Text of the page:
LAS VEGAS While the beginning of the day began with a pair of sessions, first the "New Technology Breakfast," followed by a portion of the "Projection Content Creation: The Basics" session, it wasn't long before visiting a series of booths turned into almost a full-day exercise, concluding around 6 p.m. on Friday.
During the New Technology Breakfast, representatives from a number of manufacturers discussed some of the latest products.
With the LDI conference having started on November 13 with various classes and trainings, the exhibit halls had yet to open until Friday morning. With the New Technology Breakfast, representatives from a number of manufacturers who had booth space, including individuals from Christie and ChamSys, among others, discussed some of the latest products that were going to be showcased on the exhibit floor Friday at LDI.
For Christie, for example, they discussed how their latest projector was being introduced on the showroom floor, the Crimson series. The projector, expected to ship sometime in January, is the company's first triple chip laser phosphor projector. In addition, the projector is powered up to 25,000 lumens of brightness. To combat concerns over the colors not being vibrant enough on a laser phosphor projector, the Crimson series projector is packaged with Christie BoldColor technology.
For churches that are left with having to deal with nonstandard positioning of their projectors, the Crimson series is capable of being installed from any angle within a 360-degree orientation.
Then there was ChamSys, which noted that a few months back, the company had been acquired by Chauvet & Sons LLC. In addition, both Chris Kennedy and Phillip Watson of ChamSys, talked about each of the company's three lighting consoles, including the MQ60, which Watson cradled in his arms while standing up on stage.
After stepping out of that session, I entered the four-hour session, "Projection Content Creation: The Basics." The workshop was led by Alex Oliszewski, a professor of Media Design at Ohio State.
Working with about a dozen session members, Oliszewski introduced the basics behind photography, which included his highlighting some samples of various images, some of which incorporated sepia tones and other effects that he then implemented through the use of environmental projection for stage setups.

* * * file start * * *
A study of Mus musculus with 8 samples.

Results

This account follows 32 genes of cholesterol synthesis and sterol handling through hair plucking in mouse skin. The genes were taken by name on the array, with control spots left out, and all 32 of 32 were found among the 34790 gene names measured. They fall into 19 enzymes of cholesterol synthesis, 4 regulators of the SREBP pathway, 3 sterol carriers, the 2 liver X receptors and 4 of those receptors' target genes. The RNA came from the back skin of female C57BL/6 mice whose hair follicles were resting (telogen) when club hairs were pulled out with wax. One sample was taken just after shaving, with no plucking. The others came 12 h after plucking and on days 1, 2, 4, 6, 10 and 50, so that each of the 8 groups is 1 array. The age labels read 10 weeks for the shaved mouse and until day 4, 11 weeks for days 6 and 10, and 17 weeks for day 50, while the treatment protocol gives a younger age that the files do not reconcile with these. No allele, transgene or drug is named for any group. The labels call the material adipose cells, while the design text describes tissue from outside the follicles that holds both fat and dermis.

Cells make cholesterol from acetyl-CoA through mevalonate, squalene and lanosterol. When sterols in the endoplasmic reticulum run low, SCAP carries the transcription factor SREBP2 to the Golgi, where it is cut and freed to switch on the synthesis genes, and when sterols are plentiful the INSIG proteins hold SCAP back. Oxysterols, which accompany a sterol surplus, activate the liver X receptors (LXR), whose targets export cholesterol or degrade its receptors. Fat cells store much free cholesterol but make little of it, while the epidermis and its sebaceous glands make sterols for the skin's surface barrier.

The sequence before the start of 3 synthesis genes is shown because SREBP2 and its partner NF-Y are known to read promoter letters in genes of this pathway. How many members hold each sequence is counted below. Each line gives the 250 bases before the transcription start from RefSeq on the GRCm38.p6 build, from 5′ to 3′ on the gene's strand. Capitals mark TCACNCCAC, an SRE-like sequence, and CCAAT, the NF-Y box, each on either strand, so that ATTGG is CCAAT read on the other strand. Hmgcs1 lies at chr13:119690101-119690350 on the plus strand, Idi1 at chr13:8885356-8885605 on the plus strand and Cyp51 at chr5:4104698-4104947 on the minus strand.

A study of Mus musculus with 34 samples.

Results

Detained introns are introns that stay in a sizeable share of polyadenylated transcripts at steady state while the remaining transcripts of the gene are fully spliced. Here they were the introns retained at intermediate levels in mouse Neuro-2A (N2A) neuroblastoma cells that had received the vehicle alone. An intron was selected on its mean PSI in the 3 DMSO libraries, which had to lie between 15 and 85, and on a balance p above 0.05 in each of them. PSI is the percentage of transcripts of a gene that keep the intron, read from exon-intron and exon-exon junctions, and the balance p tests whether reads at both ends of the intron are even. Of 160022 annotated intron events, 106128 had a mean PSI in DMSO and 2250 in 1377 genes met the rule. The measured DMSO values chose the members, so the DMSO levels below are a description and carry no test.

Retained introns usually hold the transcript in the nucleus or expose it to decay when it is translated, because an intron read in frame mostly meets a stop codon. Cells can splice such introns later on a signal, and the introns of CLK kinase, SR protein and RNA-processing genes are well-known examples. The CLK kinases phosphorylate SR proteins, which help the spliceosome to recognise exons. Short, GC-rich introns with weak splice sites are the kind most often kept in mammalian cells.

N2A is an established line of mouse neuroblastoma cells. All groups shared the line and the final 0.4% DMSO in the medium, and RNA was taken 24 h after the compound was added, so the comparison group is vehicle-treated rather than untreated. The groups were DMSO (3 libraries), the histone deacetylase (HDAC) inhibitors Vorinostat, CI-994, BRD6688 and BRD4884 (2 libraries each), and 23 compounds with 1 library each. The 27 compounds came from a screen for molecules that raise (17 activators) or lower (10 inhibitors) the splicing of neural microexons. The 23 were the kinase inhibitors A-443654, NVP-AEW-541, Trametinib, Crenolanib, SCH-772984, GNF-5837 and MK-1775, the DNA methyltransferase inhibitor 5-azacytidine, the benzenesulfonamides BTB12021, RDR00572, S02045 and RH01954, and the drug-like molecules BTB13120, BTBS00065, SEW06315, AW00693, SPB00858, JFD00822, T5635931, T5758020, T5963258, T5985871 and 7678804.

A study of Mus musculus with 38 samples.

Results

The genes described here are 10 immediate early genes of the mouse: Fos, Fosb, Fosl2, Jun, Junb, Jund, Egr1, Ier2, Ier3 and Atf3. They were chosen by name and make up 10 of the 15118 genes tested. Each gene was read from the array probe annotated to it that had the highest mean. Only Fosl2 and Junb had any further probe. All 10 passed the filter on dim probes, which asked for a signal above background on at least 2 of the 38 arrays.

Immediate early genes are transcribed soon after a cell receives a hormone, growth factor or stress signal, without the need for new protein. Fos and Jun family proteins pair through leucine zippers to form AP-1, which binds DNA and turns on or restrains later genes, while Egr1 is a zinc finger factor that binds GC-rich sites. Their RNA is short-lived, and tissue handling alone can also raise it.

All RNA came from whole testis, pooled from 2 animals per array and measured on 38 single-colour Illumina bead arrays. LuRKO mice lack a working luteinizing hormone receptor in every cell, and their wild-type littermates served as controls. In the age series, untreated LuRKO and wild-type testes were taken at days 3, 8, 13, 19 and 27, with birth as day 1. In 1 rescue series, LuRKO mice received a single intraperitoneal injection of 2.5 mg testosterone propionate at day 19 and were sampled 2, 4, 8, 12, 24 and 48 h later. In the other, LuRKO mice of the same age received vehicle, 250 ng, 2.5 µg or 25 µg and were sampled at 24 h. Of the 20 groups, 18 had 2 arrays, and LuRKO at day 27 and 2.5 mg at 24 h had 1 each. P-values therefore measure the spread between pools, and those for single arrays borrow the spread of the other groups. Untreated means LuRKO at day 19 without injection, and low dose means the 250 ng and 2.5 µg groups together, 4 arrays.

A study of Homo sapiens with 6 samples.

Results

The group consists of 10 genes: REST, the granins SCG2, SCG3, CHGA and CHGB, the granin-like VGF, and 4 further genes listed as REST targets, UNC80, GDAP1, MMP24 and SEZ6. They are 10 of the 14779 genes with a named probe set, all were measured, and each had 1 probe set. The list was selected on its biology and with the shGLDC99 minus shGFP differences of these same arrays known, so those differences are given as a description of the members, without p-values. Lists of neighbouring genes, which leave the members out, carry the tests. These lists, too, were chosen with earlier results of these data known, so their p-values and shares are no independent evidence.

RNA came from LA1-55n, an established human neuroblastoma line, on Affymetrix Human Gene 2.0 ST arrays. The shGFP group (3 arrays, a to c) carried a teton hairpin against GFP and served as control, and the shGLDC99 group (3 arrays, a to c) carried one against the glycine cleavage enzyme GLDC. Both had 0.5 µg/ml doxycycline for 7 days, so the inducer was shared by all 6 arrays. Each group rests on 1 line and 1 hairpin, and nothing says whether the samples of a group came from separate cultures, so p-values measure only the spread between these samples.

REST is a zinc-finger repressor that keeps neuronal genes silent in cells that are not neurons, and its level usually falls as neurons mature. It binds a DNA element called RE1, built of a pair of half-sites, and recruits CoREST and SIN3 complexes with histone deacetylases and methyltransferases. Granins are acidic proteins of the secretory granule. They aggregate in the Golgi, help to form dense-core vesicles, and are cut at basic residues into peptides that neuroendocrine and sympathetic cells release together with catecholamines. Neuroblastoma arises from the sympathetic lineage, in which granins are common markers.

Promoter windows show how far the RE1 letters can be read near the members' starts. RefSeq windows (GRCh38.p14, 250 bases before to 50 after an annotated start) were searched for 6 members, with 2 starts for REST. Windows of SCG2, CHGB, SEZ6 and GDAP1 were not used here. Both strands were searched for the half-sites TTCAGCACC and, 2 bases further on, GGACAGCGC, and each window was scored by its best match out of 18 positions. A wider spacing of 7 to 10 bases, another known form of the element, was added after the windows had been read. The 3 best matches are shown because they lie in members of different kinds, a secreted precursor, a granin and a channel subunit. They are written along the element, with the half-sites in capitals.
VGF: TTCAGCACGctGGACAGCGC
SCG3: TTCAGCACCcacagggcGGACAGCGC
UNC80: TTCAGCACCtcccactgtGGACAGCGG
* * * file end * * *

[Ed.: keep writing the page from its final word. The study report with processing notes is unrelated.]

From there, Oliszewski discussed the basics behind transparency in Photoshop, how to quickly make masks, and what tools are available for the use of building 3-D models, when necessary.
While noting that there are numerous tools to choose from to handle certain tasks, combining the pair of Photoshop with Apple's QuickTime Player would be enough to implement environmental projection on a building, with light on the building's corner.
In beginning any project, though, Oliszewski emphasized the need to account for the size of the space that one would be creating content, as that is "the size of their literal frames."
While he discussed the plethora of Adobe products that suit many needs of a designer, beginning with Photoshop, but not limited to that program, including the use of Illustrator or After Effects, he also spoke positively of the use of tools such as Final Cut Pro or Avid, as well as Sony's Vegas Pro, available for PC.
From there he spelled out the difference between codecs and "wrappers," in that a "wrapper," like a .MOV file can consist of more than 200 different codecs, so when noting you have a .MOV file to a designer, for example, it offers little idea of what sort of a file the movie actually is, since the codec could be something like QuickTime H.264 or ProRes.
Upon leaving that session, most of the next six hours were visiting with different representatives at the wide array of booths on the exhibit hall floor. Whether it was seeing the Crimson series projectors up close in the Christie booth or seeing the expansive Elation booth, with an array of moving lights and LED wall technology, there were a number of impressive products for attendees at LDI to get a closer look at, with the benefit of various demos or displays.
Shortly after the exhibit floor closed after its first day of being open on Friday around 6 p.m., excitement moved outside to the LDI: Live Outside Concert, with rapper Mike Xavier being the opening act of the concert which ran for about three hours immediately outside the convention center.